Tuesday, April 9, 2013

Confession and the Divine Mercy

Jesus, I trust in you!

“Receive the Holy Spirit. Whose sins you forgive are forgiven them, and whose sins you retain are retained.”

Risen from the dead, the Lord Jesus stood before his disciples on that Easter evening. These were the very disciples who denied him and abandoned him 2 nights before. The resurrection has vindicated him against his enemies and so the Lord had every right to reproach the apostles for their cowardice. But he did not do this. Instead, he greeted them with peace and then bestowed upon them power which no human being ever had – the power to forgive sins. No human being ever had this power for only God can forgive sins. And yet, on that evening, the Lord breathed on them and gave them the Holy Spirit who empowered them to forgive sins. This power to forgive sins is honored by heaven itself.

At the resurrection, the Lord Jesus, who was humiliated by suffering and death, was glorified: “I am the first and the last, the one who lives. Once I was dead, but now I am alive forever and ever. I hold the keys to death and the netherworld.” He is the Glorious One who holds the keys to death and the netherworld – the keys to death that entered the world as a consequence of sin.  He now unlocks the fetters that bound us to death – the fetters of sin. He does this by bestowing upon his apostles the power to break the chains of sin – that power is the forgiveness of sins. The glorious face of Jesus is God’s face which “is the face of a merciful Father who is always patient,” so said Pope Francis, “the patience he has for us…is his mercy. He always has patience, patience with us. He understands us, he waits for us, he does not tire of forgiving us if we are able to return to him with a contrite heart…God never tires of forgiving us!...The problem is that we ourselves tire, we grow weary of asking for forgiveness.” (Francis, 1st Angelus Message, 17 March 2013.)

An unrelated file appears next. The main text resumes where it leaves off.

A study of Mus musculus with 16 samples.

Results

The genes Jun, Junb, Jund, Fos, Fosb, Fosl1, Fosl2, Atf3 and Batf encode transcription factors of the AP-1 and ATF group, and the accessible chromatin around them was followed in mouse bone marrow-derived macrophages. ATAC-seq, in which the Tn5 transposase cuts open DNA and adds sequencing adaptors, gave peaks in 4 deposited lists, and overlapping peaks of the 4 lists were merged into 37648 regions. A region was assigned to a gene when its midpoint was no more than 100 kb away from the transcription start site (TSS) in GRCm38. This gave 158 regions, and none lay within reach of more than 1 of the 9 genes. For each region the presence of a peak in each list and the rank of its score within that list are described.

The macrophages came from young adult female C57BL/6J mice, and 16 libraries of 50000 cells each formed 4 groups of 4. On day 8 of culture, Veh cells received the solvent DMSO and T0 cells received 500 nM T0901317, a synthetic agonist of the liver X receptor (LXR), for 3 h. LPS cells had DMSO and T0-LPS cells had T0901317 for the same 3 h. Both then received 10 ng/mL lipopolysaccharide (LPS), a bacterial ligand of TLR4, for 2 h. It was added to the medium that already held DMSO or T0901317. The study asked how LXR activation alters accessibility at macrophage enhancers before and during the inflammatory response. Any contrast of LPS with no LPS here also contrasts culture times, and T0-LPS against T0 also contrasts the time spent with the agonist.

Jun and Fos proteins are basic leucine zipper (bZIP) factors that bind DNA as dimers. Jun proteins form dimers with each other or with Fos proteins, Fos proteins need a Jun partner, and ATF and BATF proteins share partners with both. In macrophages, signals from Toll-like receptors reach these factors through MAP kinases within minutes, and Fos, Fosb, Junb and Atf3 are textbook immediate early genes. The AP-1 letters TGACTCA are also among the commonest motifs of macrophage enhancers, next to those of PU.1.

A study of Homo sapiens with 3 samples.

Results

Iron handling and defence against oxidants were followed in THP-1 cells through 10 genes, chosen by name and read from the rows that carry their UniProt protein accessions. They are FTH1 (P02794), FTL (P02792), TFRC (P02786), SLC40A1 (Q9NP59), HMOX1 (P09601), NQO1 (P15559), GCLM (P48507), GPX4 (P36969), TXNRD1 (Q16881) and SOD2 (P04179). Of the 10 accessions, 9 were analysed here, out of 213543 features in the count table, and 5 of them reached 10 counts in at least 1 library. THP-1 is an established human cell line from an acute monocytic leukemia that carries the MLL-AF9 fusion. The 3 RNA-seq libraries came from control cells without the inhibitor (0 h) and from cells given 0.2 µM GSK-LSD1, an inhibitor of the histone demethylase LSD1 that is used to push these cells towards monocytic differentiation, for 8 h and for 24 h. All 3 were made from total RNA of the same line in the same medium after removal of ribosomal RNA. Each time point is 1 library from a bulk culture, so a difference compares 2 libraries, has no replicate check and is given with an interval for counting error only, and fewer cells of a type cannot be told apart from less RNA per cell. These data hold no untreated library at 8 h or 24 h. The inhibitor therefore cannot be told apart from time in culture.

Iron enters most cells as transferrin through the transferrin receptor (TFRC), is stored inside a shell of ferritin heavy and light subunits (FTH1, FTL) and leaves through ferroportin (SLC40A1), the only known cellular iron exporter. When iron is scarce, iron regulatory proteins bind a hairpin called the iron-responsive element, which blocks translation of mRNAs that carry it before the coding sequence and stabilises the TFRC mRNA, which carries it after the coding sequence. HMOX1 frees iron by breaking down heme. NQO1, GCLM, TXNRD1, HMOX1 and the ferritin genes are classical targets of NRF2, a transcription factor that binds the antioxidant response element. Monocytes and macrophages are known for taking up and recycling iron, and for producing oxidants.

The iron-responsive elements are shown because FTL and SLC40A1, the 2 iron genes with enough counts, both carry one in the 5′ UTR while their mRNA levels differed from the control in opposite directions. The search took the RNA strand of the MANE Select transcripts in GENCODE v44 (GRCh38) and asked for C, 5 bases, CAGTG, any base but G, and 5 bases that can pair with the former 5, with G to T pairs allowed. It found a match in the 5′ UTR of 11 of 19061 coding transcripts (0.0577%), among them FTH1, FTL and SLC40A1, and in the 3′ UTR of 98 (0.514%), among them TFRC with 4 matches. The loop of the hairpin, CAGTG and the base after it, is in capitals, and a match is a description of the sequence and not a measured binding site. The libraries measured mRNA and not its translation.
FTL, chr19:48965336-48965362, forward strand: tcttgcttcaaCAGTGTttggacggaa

Those who are weary of asking for forgiveness are “those who trust in themselves and in their own merits…blinded by their ego and their hearts are hardened in sin.” (Benedict XVI, I Believe in God, 139.) On the other hand, “those who recognize that they are weak and sinful entrust themselves to God and obtain from him grace and forgiveness…In the Sacrament of Reconciliation, whatever the sin committed, if it is humbly recognized and the person involved turns with trust to the priest-confessor, he or she never fails to experience the soothing joy of God’s forgiveness. (In the Sacrament of Reconciliation), what is central (is) the personal encounter with God, the Father of goodness and mercy. It is not sin which is at the heart of the sacramental celebration but rather God’s mercy, which is infinitely greater than any guilt of ours.” (Ibid., 139-140.)

O Mary conceived without sin, pray for us who have recourse to thee!